I am a hoarder by nature. Beyond the obviously ephemeral, I have considerable trauma in getting rid of anything that has featured in my life, whether that be books, souvenirs, theatre programmes or a particular bugbear of mine, guidebooks to places I have visited. They just keep building up and gradually take over wherever I live to the point where it starts to become a nuisance.
I kind of grew into this; my parents were both hoarders too, so the recent efforts to clear my childhood home have been around clearing a lot of what can only be described as ‘stuff’. Some of this ‘stuff’ is useful and beyond the things that we wanted to keep – might come to that at some later point – anything we can find a home for we are keen to do – and so far we are doing pretty well via charity of specific rehoming, and that has made the whole process a lot easier than it might have been. But then there is the ‘stuff’ that no one would really want – the broken ornaments, the ‘rest your ash here’ ashtray in the shape of a toilet (and its ilk) – which I have no real idea what to do with. In the end, the very nice house clearance people that we used to clear the garden and garage waste (as an aside for those of you in the North I can heartily recommend Mawsons, based in the Team Valley, they were very good) will have to deal with what’s left – I cannot bring myself to put these kind of things in the bin, because, well, my Dad kept them for some reason. Possibly he did not notice them anymore, in the same way that you become acclimatised to a pervading smell. I don’t know. Maybe the house clearance folks will take a shine to something – they adopted the five-foot stuffed crocodile from a previous job after all – and that is a minor consolation.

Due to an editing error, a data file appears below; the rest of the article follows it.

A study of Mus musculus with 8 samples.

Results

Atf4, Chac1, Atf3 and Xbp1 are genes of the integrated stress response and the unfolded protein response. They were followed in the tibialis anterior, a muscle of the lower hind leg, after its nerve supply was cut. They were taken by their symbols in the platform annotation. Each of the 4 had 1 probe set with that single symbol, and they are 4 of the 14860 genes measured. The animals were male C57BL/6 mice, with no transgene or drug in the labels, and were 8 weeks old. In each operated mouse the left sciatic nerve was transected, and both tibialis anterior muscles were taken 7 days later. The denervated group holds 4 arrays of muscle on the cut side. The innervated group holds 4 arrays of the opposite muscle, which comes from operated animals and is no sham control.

What this process has brought home to me is my own situation. The Lovely Wife and I have no children. I am not sure of either of us want to leave a nightmare of a job to the executers of our will when we are no longer here. And, as things stand, that would be the case – and, with all hope, we have decades to add to the problem.
The alternative is to try and start making things simpler now.
People are reluctant to talk about the end of life and often avoid talking about it, but it is inevitable, and we do our friends and families and injustice by not doing at least the minimum of preparation. As an adult you should have a will, no matter how young you are, if only to make your wishes clear on what should happen in the case of your passing. It is very comforting to know that you are executing the wishes of the deceased, and that there is legal certainty around that. We have a will and, for various reasons, need to revise it, but I also need to start organising my ‘stuff’ so that when the time comes it is easier to deal with. It does not necessarily mean gifting things to others or indeed disposing of things although that will come into it, nor does it mean I intend quitting this earth anytime soon – I’m also looking forward to a less cluttered existence and when I think about ‘health’ as I look towards fifty, there is more to it than the obvious physical state to think about if the next phase of life is going to be an enjoyable and sustainable one.